Golf is ready to begin testing for performance enhancing drugs.

It is obvious that the NFL needs to test its players for drugs like steroids, amphetamines, human growth hormone and others. These overgrown, hyper-trained athletes fly around the field and try to remove body parts from competitors. Performance enhancing drugs and supplements help you to better mangle your opponent and recover faster from the mangling you receive.

Also obvious are the benefits of performance enhancing drugs in baseball. Sammy Sosa just became the fifth person to hit 600 home runs - the second to make that exclusive list with the obvious help of steroids or some other similar substance. The other four are Hank Aaron, Barry Bonds, Babe Ruth, and Willie Mays.

Like Mark McGwire and Bonds, Sosa is suspected of using steroids before they were banned by baseball, and he was caught with a corked bat in front of his home crowd when he played for the Cubs in 2003.

John Kruk, who would never have been accused of using any performance enhancing drugs, commented on Sosa’s achievement and the steroid and bat corking scandals on ESPN’s Baseball Tonight.

“Did he do this or do that? Who knows? Who cares?” Kruk opined. “That is still a big deal.”

As long as you can overlook a little cheating, you can still appreciate the accomplishment.

But golf?

Angel Cabrera just won the U.S. Open. A lot of men wear the Tiger Woods line of clothing on the golf course. But many of these weekend duffers can wear Cabrera’s actual shirt.

You might give the guy a breathalyzer, but you certainly aren’t going to find any Acutrim or Nicorette in this guy’s system.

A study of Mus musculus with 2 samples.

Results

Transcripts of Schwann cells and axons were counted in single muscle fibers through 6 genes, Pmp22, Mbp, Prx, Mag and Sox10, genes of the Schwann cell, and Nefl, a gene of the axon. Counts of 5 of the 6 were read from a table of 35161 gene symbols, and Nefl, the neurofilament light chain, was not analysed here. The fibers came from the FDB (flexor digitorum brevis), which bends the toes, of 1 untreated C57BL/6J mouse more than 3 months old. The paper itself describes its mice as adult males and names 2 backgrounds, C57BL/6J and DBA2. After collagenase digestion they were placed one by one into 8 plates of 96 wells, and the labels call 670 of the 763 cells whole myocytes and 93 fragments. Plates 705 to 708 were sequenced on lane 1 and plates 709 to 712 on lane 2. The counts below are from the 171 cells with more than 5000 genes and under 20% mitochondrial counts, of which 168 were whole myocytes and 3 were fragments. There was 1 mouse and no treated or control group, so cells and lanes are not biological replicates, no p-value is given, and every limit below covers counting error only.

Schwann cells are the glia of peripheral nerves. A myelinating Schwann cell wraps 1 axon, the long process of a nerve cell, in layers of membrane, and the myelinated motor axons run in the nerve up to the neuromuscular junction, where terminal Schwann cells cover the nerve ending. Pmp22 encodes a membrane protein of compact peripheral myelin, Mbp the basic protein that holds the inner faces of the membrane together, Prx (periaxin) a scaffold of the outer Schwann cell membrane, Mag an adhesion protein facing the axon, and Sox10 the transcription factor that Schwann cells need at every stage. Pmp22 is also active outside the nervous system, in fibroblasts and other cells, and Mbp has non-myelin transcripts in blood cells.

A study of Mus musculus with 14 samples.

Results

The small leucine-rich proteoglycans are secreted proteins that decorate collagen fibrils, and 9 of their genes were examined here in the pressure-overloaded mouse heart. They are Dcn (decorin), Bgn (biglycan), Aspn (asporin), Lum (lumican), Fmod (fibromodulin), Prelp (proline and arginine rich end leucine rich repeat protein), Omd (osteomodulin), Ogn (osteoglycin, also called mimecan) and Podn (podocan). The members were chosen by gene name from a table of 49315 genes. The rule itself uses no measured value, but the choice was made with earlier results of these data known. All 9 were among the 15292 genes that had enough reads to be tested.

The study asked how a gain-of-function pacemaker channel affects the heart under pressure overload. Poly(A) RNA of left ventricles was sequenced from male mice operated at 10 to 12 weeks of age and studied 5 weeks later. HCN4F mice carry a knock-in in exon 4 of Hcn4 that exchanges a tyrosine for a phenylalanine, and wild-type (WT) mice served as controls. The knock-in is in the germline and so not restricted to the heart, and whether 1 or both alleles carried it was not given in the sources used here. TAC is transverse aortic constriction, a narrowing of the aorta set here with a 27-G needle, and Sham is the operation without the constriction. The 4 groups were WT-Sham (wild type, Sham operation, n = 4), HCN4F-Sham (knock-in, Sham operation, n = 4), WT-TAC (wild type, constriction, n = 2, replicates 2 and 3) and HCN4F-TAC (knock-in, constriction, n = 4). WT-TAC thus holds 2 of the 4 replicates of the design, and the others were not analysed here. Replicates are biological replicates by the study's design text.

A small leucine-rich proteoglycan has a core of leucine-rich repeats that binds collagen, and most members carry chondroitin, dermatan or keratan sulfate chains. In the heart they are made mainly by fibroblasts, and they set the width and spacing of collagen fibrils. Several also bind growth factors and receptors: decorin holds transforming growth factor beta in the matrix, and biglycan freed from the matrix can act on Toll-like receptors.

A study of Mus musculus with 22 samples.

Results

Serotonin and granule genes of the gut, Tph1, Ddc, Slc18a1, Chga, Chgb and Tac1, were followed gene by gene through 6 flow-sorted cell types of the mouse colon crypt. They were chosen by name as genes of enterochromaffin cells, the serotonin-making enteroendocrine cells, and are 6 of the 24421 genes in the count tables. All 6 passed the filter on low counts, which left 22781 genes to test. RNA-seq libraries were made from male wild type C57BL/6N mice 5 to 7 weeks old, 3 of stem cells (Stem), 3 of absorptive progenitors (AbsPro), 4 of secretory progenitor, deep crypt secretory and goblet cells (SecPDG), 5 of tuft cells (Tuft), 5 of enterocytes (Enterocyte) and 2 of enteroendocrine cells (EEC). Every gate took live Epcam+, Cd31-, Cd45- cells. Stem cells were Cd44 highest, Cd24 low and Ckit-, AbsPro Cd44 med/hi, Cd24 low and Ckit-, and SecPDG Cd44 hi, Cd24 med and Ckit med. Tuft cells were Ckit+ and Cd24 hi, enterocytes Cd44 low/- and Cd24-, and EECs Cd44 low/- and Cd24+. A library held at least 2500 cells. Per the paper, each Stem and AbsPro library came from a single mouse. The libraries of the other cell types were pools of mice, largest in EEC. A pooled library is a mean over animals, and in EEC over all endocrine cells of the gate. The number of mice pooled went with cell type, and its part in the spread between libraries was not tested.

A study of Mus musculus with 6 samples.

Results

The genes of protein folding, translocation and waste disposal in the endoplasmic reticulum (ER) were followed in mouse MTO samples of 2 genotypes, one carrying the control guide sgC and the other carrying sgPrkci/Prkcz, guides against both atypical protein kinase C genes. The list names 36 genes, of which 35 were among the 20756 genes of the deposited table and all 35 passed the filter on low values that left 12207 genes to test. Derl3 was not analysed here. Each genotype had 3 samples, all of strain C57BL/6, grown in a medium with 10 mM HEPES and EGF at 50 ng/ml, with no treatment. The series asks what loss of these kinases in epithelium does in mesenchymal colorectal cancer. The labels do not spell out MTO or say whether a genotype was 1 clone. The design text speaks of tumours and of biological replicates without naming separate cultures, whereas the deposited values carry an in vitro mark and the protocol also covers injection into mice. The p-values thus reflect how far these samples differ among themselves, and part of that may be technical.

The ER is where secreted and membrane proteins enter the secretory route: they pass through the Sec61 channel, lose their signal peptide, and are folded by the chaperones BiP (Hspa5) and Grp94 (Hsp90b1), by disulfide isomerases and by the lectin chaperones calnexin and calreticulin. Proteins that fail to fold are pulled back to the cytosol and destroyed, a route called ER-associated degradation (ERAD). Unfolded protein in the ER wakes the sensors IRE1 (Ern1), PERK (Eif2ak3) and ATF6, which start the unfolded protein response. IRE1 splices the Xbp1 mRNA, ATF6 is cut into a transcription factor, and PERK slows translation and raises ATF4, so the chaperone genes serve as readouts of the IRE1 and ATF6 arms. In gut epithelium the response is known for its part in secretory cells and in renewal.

The guy hauls a beer gut around the course lighting his next cigarette with the final embers from the last.

Cabrera is not shooting ‘roids and hitting the gym before he heads to the driving range.

What good does it do to be muscle-bound in golf? Even if it helps you drive the ball 400 yards - which is debatable - how will it help you when you are only 30 yards from the green in the rough?

If you can’t get the ball close on short shots, all the bulk in the world won’t help. That is why you never see a long drive champion on the PGA tour.

Perhaps drugs to help with recovery from injuries could prolong a career. But typically, those issues are handled equally well with rehabilitation plans.

It’s funny that golf would institute drug testing policies, but they are coming from a good place.

“A lot of people have talked about that integrity and honesty of golf is what makes it so special,” said PGA member J.J. Henry. “I'd like to think there's none of that going on out here, to be honest with you.”

As long as there is competition, there will be cheaters. Many athletes are willing to sacrifice their long-term health for short term success.

Testing is necessary. And that is too bad.